WordPress is one of the most popular CMS platforms for building just about any website you can imagine and companies of all sizes have adopted this platform for their development needs.
So what makes WordPress so great?
For one thing, WordPress has made big strides since the early years of website development. The platform makes it easy to expand the size, look, and feel of your site (including adding and editing pages) with just a few clicks.
If that wasn’t enough, there’s one feature that makes this platform stand out above most others: the ability to upload and install what seems like an endless number of plugins.
You may be asking… what is a plugin?
Think of a plugin as a little piece of software or a web app that adds additional features to your site without the need for a programmer (not that we don’t love programmers). In other words, they streamline the process of adding those bells and whistles that can take your site development to the next level.
Want to add interactive maps? There’s a plugin for that.
Need a shopping cart feature? There’s a plugin for that.
How about a live social media feed? Yep, there’s a plugin for that too (and just about anything else you can think of).
When WordPress Plugins Go Wrong
As great as the world of WordPress Plugins is, there’s a downside as well.
One of the biggest issues we see is the overuse of plugins. This happens when a site owner wants to add features just for the sake of adding them because they’re so easy to implement.
Overuse of plugins can sacrifice your site speed. Many plugins tend to leave extra scripts on pages and when you take this and multiply it many times over, you can quickly create a site that becomes sluggish and bloated from render-blocking JS and CSS files and unnecessary scripts loading in the backend. These longer load times and excess files can add load to your site database by increasing your total website size.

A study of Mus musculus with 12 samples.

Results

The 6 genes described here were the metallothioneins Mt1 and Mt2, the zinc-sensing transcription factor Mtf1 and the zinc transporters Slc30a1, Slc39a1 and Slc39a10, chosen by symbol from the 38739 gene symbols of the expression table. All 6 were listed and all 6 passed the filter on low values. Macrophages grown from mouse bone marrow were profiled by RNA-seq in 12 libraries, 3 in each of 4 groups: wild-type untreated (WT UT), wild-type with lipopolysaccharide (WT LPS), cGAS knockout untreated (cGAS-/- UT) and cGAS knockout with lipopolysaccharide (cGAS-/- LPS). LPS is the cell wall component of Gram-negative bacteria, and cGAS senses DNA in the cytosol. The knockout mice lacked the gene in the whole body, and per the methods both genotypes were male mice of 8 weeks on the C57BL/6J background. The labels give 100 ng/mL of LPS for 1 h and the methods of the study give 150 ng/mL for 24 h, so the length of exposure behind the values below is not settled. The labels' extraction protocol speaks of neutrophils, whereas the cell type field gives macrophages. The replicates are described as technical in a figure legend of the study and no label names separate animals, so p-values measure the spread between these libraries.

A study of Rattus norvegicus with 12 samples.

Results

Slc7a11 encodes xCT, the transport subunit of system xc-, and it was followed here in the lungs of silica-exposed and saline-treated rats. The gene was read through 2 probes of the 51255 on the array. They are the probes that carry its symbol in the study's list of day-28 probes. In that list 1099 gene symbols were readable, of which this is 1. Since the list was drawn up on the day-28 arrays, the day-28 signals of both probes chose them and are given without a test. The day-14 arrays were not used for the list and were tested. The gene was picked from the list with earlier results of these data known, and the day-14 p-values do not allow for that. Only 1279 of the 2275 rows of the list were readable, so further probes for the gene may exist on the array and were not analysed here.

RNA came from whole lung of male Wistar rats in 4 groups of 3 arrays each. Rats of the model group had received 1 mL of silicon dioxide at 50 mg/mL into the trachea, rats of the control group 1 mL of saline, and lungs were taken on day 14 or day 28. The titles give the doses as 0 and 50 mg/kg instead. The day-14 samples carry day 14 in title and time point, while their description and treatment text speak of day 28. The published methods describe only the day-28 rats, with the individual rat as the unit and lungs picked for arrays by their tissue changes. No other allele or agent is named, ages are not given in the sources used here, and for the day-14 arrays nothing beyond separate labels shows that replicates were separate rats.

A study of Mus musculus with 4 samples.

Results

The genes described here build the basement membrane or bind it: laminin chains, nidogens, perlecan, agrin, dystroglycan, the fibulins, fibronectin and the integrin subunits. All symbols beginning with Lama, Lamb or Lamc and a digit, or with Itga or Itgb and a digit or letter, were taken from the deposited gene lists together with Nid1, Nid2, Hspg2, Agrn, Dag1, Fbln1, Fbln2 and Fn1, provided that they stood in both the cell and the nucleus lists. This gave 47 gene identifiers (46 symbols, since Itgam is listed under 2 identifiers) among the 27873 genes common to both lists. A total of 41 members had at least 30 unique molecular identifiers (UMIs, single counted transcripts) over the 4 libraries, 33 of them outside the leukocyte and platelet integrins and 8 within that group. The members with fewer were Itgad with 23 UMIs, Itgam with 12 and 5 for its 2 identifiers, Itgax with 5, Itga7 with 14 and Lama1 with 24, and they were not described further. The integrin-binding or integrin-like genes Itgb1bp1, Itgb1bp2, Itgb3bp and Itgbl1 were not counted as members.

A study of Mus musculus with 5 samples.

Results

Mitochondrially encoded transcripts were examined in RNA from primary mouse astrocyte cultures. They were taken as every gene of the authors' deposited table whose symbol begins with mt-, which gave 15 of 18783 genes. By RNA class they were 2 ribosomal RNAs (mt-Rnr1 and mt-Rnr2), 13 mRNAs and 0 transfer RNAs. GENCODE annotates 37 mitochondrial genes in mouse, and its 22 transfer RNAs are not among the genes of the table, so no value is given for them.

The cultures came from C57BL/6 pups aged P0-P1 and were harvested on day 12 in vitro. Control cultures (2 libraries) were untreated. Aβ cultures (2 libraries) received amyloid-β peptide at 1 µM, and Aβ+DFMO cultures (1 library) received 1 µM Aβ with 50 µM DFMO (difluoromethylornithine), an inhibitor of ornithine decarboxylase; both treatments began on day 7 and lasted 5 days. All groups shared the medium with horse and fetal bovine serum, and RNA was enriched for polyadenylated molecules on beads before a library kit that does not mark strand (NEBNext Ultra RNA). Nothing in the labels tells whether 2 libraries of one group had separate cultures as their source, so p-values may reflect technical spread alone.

The reliance on too many plugins can create many other issues. When new updates are released you could encounter compatibility issues with other plugins. The failure to update all these plugins can leave your site vulnerable to bot attacks. With every plugin, it’s critical to make sure to check reviews and dates associated with the last update to prevent unnecessary issues in the future.
So what’s the key lesson? Evaluate your site and only use plugins that your site absolutely needs to achieve your business goals. Aiming to keep your total number of plugins as low as possible will create the best experience for your users and, in turn, your business.
Here’s the bottom line: there are definitely WordPress plugins that are “must-haves” that provide key functionality; you shouldn’t be afraid of using them. But always remember that just because there’s a plugin for it, that doesn’t mean you should install it.